Thursday, March 17, 2011

The Difference between Gingrich's supporters and Obama's

I came up with the idea for this post when reading the daily e-mail from the blog Cafe Hayek. (You can sign up here for a witty and informative take on economic matters.)

One of the contributors to that blog, Don Boudreaux, re-posted an article he wrote back in 2004, titled "Messiah Mongering," in which he warns of worshiping other humans -- be they sports figures, Princess Diana, or politicians. While worshiping someone because they led your team to a championship is not the most productive way to spend your time, thinking too much of a politician -- "gap[ing] at him as if he were something superhuman" -- can lead down a very bad path. Totalitarian governments almost always have a charismatic leader, and even if the result is not a complete tyranny, a leader who is treated as if superhuman can lead to a great loss of liberty.

He mentioned FDR and JFK as two of the politicians most often worshiped. As the article was written just after Barack Obama's introduction to the country, a full two years before he started running for President, Obama's name is not mentioned. But throughout the campaign, many of his supporters, serious and unserious, invoked Jesus' name as well as other references to him being a savior. They felt that with his election, all would be solved by him himself.

When I was reading Boudreaux's article and thinking of the Obama-mania, as Sean Hannity likes to call it, it made me realize how differently I viewed Newt Gingrich -- who I am every bit as committed to seeing elected President as any Obama supporter -- from how, say, this lady viewed Obama.

Contrary to almost every die-hard Obama fan, I do not want Gingrich managing the economy; far, far from it. I realize he -- or any other human, or even an entire agency -- could not possibly know in which technologies to invest in. Only markets, by sending price signals that are free of government interference, can pick which products should be invested in and which should be allowed to die off. I don't want him putting in policies that result in me paying higher prices for, say, sugar because a well-connected family whose main source of income is selling sugar asks for government protection from competitors (that would never happen!). I don't want to pay for more expensive gasoline because "the future is in green jobs." If the future is in green jobs, private money will fund those. (Isn't it curious how liberals claim that businessman are only interested in profit -- willing to sacrifice anything for an extra dollar -- yet the greedy profiteers do not get involved in so many liberal ideas, which we are told are just guaranteed money makers?)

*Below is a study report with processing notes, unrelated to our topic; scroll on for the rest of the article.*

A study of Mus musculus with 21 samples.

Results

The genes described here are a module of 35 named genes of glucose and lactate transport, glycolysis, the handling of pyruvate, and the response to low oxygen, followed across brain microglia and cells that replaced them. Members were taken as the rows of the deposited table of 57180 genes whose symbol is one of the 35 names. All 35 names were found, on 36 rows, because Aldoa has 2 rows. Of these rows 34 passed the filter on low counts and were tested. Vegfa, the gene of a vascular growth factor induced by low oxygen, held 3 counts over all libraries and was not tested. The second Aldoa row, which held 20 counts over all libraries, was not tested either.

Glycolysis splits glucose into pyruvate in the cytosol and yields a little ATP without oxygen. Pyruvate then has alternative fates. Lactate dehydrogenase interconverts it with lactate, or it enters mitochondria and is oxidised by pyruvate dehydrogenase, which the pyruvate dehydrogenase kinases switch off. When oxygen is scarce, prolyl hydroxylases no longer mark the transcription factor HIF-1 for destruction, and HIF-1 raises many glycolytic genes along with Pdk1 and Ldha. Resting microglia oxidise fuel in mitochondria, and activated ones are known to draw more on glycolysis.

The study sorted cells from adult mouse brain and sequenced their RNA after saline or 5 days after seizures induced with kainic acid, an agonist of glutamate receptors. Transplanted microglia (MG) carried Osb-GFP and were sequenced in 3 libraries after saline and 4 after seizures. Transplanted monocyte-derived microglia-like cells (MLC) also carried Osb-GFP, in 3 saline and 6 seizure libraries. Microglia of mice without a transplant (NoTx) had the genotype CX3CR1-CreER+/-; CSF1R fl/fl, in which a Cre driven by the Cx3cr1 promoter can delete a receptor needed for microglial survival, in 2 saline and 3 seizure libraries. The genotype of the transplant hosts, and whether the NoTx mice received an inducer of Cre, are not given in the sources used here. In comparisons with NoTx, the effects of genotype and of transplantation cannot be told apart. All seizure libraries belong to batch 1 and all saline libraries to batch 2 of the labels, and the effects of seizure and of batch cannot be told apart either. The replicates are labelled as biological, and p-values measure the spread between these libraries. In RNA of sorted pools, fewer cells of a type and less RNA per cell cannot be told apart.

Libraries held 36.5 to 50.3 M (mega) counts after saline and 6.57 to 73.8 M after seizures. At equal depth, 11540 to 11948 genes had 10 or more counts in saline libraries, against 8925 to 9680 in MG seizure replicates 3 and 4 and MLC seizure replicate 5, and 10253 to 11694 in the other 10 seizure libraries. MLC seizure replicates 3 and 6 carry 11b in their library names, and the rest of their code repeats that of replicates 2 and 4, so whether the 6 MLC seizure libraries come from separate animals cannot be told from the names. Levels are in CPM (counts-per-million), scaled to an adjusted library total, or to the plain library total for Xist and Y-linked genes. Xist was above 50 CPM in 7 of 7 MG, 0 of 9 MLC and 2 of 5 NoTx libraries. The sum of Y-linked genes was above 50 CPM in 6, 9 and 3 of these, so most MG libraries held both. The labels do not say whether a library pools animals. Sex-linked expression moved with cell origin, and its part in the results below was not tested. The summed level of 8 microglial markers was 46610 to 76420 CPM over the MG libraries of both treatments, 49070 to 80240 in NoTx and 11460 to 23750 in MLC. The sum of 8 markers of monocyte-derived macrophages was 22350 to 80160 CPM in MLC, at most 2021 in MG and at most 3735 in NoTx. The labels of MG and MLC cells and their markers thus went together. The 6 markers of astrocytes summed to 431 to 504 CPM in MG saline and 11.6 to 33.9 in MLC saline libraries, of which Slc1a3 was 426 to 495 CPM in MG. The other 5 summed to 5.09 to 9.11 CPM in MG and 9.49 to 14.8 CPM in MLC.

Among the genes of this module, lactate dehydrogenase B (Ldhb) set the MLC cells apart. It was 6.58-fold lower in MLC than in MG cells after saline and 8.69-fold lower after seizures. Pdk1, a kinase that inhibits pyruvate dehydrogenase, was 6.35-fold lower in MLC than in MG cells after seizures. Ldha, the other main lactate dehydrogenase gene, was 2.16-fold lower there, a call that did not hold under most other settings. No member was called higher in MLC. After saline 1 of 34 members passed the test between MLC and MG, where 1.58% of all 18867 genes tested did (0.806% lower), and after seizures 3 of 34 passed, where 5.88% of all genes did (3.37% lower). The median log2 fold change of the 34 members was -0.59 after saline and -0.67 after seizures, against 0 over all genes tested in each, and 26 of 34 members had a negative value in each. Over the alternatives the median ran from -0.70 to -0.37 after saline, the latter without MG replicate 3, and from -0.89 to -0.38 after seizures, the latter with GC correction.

And what is one reason I like Gingrich? He gets it; he has no interested in micro-managing the economy. He knows Hayek's concept of "The Fatal Conceit": "The curious task of economics is to demonstrate to men how little they really know about what they imagine they can design."

Gingrich puts it differently, calling arrogant those who look at the economy this way: "That they think that one person will somehow look at the entire world market and say, "I know."

He shares my goal of setting up an business environment that -- because of low taxes on income, no tax on savings and investment, a low level of government spending, a strong dollar, and free trade -- will end up creating jobs and prosperity.

What would I want from Gingrich, if not handouts? I would want him -- and his administration, including his court nominees -- to follow the Constitution, and as such, his first priority would be to keep Americans save from foreign and domestic threats. I want him to stand up for the rights that are guaranteed by that Constitution and granted by our Creator.

I want him to protect the unborn, traditional values, and the free market. The surest path to ruin for a country is to waver in the defense of any of those.

Another key difference is how realistic I am about the change Newt could deliver. I would not expect everything all at once, as many progressives did with the current President. To use a football analogy, conservatives are at our own 5 yard line. I don't have the expectation that Newt will throw a Hail Mary and complete a 95-yard touchdown on 1st down. I expect him to chip away, maybe -- extending the analogy -- getting a few first downs before he has to come out of the game. Then, his backup, be it Bobby Jindal, Paul Ryan, Marco Rubio, or someone else, comes in fresh and gets us past the 50 yard line and forces the liberals to defend their own side of the field. Don't force anything, take what you can get.

While I am very enthusiastic about Gingrich and believe he is the best man to save America -- to borrow a phrase from someone -- it is not because I think he has the silver bullet to all our problems. It is because he will not get in the way of the person who comes up with the silver bullet. Or subsidize the equivalent of an aluminum bullet.

Going back to the football analogy, he would make a fine first-string President.